Why Are Potato Chip Bags Always Half-Full?
A bread company doesn’t sell you half a loaf. An ice cream manufacturer doesn’t fill the carton only halfway. Sparkling water goes to the top of the can, not the middle.
So why would chip companies think it’s acceptable to sell bags that are only half-filled?
Simple: it’s the best way to ensure a positive snacking experience.
Potato chips are quite fragile, and the jostle of bumpy roads, the brusque hustle of filling shelves, and the cramped spaces of grocery sacks can do real damage to those delicate crisps. Air, it turns out, is the best way to in protect the snack foods from becoming a bag full of crumbs.
Of course, we don’t mind potato chip crumbs when we want them—for example, these chip-crusted fish fillets—but large, flaky chips are typically what we want with our burgers, sandwiches, or (and let’s be honest here) road-trip snacks.
Indeed, this “slack fill” is purposefully added to chip bags by snack manufacturers in order to act as a sort of cushion around potato chips and other delicate products. The top half (or two-thirds) of the bag is pumped full of gas before it’s sealed. This gives chips some room to move in the event the bag is jostled, jabbed, or jerked after the chips leave the manufacturer and before they end up in your hand at the vending machine or grocery store.
Yet, that gas is no ordinary gas.
Food manufacturers use a special gas—one that research proves is the best option—so their snack foods don’t become soggy on the way to the store.
Inside those bags of crisp corn chips coated in delicate sea salt is nitrogen gas.
This colorless, odorless gas actually helps preserve the chips, keeping them fresh and crunchy while they’re waiting to join your dinner plate. Room air, which is actually 78 percent nitrogen, wouldn’t be good enough. The air we breathe would turn those chips rancid and stale quite quickly.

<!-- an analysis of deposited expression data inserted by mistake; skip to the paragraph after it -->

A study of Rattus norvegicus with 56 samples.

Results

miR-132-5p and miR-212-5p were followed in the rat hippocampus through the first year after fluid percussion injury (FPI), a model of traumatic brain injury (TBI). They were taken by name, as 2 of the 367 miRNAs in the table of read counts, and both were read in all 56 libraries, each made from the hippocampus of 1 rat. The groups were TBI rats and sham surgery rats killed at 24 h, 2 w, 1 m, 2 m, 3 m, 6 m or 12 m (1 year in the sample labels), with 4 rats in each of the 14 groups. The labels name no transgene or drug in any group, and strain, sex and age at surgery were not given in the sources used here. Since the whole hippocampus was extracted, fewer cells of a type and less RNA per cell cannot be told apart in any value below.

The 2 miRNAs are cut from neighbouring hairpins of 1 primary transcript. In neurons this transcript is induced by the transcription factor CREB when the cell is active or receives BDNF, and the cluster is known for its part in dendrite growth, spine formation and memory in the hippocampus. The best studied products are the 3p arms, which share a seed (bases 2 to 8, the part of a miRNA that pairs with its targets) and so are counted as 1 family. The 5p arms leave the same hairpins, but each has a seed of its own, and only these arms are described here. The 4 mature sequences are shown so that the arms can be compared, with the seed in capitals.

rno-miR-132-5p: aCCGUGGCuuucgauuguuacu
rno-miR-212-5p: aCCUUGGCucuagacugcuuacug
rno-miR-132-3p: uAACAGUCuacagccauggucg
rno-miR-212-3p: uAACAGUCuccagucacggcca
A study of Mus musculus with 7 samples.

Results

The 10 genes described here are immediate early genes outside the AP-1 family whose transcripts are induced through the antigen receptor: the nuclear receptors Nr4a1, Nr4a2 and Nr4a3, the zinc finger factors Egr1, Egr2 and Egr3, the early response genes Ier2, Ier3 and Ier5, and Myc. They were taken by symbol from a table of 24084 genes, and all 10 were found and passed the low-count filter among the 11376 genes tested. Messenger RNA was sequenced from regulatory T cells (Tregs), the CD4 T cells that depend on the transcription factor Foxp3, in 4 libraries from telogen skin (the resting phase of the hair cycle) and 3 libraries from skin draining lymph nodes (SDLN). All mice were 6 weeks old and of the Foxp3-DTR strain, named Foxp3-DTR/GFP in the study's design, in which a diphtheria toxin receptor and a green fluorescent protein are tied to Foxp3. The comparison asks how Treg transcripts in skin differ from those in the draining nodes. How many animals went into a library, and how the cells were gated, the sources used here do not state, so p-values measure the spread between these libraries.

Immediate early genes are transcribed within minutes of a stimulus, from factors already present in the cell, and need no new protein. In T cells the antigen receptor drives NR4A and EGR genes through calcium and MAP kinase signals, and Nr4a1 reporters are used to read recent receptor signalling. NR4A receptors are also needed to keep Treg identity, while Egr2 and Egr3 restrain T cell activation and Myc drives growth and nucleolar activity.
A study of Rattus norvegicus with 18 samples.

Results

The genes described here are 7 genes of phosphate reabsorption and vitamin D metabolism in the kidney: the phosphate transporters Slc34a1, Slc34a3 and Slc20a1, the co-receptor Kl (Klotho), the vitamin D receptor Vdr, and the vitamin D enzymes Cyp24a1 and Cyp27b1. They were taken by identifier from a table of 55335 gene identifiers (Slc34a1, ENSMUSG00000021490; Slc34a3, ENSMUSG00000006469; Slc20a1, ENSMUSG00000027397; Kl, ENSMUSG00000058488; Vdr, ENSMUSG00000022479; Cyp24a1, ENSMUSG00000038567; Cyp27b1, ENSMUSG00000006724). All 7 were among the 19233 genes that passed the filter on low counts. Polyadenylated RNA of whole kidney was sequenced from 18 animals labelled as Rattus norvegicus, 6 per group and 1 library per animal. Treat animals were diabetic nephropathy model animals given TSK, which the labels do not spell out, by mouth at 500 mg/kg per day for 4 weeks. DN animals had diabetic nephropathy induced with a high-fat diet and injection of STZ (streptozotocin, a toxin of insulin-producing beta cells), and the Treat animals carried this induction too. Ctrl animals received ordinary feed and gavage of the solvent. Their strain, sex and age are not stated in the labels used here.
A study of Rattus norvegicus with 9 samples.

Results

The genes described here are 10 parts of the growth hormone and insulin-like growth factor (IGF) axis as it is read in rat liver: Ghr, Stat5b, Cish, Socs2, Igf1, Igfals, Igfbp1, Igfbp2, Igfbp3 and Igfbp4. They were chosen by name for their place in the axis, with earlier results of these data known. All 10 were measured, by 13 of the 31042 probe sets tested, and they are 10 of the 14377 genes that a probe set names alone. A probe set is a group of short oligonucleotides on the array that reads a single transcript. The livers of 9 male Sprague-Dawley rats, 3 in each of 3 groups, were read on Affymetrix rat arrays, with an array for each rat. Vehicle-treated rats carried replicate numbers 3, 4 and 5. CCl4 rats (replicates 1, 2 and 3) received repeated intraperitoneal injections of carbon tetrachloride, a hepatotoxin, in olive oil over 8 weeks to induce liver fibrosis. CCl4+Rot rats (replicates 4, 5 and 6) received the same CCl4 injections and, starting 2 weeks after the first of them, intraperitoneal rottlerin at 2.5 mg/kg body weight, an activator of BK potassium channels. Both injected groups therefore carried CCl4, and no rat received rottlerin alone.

How to Get the Best Chip Bargain
You may now appreciate the need for the cushion of air in potato chip bags, but you may still be angry that it seems you’re “paying” for air. You’re not, but it is true some chip brands have more air than others.
For example, a study from Kitchen Cabinet Kings found that junk food icon Cheetos actually has the highest air-to-snack ratio of any chip brand, with 59 percent. At the other end of the scale (and presumably offering up more chips per bag) is Fritos, with just 19 percent air.
Other low air-to-snack crisp brands: Pringles (28 percent) and Tostitos (34 percent).
If you want to make sure you’re getting the best bang for your Baked Lays buck, don’t look at the size of the bag. Chip manufacturers can make bags any size they want while keeping the weight of the chips relatively low for the vacuous sack in which they reside.
Instead of comparing the size of bags, compare a bag’s net weight, which must be printed on every bag. This number tells you precisely the weight of chips in the bag, regardless of the volume it occupies in the bag. You can divide the cost of the bag by the total net weight to find out which chips are best for your wallet.